Red Sox

Red Sox

SEATTLE -- Chris Sale doesn’t shy away from big moments. He relished the opportunity to take the ball for the last out in the World Series and the first pitch of a new season.

It is a feat that has only been accomplished two other times in the history of baseball. Madison Bumgarner did it for the San Francisco Giants in 2014-15. Scott McGregor of the Orioles was the last to achieve it in the American League  in 1983-84.

“I hope we have this same conversation again,” said Sale. 

What Sale doesn’t want is the back end of a historic moment to go the way it did on Thursday in Seattle.  

He didn’t mince words after the 12-4 loss to the Mariners.

“It sucks,” Sale said. “First one of the year. You want to start off on the right foot.”

The Red Sox left-hander did cruise through the first inning, striking out the side. 

And then the wheels came off. 

By the time Sale walked off the mound after three innings he had allowed seven earned runs, including three home runs. He did not allow that many earned runs or home runs in a single game all of last season. In fact, it was his worst start in a Red Sox uniform.

“He was very erratic with fastball location,” manager Alex Cora said. “And his slider wasn’t great."

Sale insisted on Wednesday that he wouldn’t hold back to start this season despite missing time last year with shoulder issues. Sale also dismissed the idea that signing an extension and turning 30 on Friday alters his perspective.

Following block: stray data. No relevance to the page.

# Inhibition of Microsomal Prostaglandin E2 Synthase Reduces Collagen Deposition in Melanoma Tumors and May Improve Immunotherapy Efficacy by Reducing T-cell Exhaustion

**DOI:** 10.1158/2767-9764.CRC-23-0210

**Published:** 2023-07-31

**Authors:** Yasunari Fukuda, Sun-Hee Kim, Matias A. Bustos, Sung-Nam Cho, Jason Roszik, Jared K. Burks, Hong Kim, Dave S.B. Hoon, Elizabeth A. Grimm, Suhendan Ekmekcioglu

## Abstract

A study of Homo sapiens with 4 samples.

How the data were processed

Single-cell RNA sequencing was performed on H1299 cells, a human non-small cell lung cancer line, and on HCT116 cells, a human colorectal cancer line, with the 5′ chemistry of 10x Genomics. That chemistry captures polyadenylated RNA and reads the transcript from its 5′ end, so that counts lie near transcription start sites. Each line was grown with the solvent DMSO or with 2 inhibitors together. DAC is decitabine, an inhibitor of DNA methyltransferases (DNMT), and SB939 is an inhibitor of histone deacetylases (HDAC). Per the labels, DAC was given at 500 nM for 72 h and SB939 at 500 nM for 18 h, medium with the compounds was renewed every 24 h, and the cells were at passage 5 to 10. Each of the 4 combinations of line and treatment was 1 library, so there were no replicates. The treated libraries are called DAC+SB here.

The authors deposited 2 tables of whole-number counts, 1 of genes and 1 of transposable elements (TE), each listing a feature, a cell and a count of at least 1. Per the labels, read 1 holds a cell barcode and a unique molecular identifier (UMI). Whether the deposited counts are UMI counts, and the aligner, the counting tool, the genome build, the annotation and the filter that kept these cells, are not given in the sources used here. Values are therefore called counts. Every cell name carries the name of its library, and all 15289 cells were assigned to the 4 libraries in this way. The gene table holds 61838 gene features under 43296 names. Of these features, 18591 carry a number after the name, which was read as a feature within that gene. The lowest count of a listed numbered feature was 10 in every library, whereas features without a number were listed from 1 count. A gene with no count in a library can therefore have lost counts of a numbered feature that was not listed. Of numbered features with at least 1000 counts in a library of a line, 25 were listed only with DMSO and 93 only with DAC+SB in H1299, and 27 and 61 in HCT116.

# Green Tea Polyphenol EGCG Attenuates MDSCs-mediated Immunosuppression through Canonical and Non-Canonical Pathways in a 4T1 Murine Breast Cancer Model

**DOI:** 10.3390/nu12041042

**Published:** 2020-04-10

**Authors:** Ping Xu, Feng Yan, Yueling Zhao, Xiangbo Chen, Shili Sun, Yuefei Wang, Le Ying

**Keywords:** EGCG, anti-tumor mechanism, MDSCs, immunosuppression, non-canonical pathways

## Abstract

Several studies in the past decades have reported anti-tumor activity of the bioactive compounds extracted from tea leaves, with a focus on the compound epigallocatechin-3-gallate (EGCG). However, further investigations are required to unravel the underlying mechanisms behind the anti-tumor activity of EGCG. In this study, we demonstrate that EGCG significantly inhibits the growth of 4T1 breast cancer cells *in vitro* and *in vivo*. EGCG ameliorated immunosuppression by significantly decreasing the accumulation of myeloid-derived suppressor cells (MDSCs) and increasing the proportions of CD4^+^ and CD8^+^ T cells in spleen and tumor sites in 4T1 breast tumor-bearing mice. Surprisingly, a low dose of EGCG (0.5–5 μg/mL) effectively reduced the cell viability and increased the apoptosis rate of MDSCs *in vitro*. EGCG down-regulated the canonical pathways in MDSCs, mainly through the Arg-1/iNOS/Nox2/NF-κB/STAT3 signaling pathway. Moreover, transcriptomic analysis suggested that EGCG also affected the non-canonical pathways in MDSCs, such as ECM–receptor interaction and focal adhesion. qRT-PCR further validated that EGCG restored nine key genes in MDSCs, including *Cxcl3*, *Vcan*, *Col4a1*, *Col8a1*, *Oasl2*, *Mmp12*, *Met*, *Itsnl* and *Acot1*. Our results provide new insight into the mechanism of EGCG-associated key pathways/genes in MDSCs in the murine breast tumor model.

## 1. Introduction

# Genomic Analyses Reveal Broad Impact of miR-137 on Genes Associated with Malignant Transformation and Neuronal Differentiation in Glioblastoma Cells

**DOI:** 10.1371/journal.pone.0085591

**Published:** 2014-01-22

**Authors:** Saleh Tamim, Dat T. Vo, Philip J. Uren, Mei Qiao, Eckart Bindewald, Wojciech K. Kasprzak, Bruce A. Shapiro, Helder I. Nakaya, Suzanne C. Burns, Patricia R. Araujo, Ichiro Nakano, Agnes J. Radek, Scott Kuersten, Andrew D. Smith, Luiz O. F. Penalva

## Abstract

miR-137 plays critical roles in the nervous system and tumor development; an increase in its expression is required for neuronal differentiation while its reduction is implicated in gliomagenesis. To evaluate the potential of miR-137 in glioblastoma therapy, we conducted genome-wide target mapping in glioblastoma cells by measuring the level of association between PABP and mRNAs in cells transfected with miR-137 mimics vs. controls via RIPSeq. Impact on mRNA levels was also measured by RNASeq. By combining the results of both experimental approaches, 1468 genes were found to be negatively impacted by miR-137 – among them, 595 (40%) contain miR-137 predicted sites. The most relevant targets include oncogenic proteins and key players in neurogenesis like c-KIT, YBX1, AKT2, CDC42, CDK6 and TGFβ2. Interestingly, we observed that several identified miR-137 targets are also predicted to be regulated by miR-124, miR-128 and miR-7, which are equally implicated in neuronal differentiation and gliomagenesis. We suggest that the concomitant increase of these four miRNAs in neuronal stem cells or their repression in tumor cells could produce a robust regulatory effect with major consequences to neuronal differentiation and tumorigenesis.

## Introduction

“If I have a ball in my hand and I’m standing on the mound and it’s go time, I’m going to compete as hard as I can as long as I can.”

No one can argue the compete part, but Sale didn’t last very long. He was replaced after three innings and a whopping 76 pitches.

The reality is, the Sale we saw Thursday night is not the guy we’ll be watching in a few weeks. He only pitched in two spring training games and is still building up arm strength and stamina. 

But neither Sale or Cora felt a light workload was the issue on Opening Day. 

“I should be able to go out there and get it done no matter how many starts I have,” Sale said. “No matter what kind of stuff I have that day."

The Sox seem willing to sacrifice a few early season contests if it means winning games when it really counts. 

“He was ready to pitch," Cora said. "We have a plan. We believe in our plan.”

But I wouldn’t blame any Sox fans for being slightly worried. Sale is the guy you expect to set the tone. He’s also the guy who dealt with mild left shoulder inflammation last season and never quite looked the same after going on the injured list. (The artist formerly known as the disabled list.)

When asked if there is anything wrong with him physically, Sale was short but direct. “No,” he said.

The concern outside the clubhouse is because Sale looked more like the guy we saw sporadically in August and September. His velocity was down. His fastball was up. 

Newsflash: That’s not a great combination. 

It would be silly to panic over one start. But it is OK to worry. A little.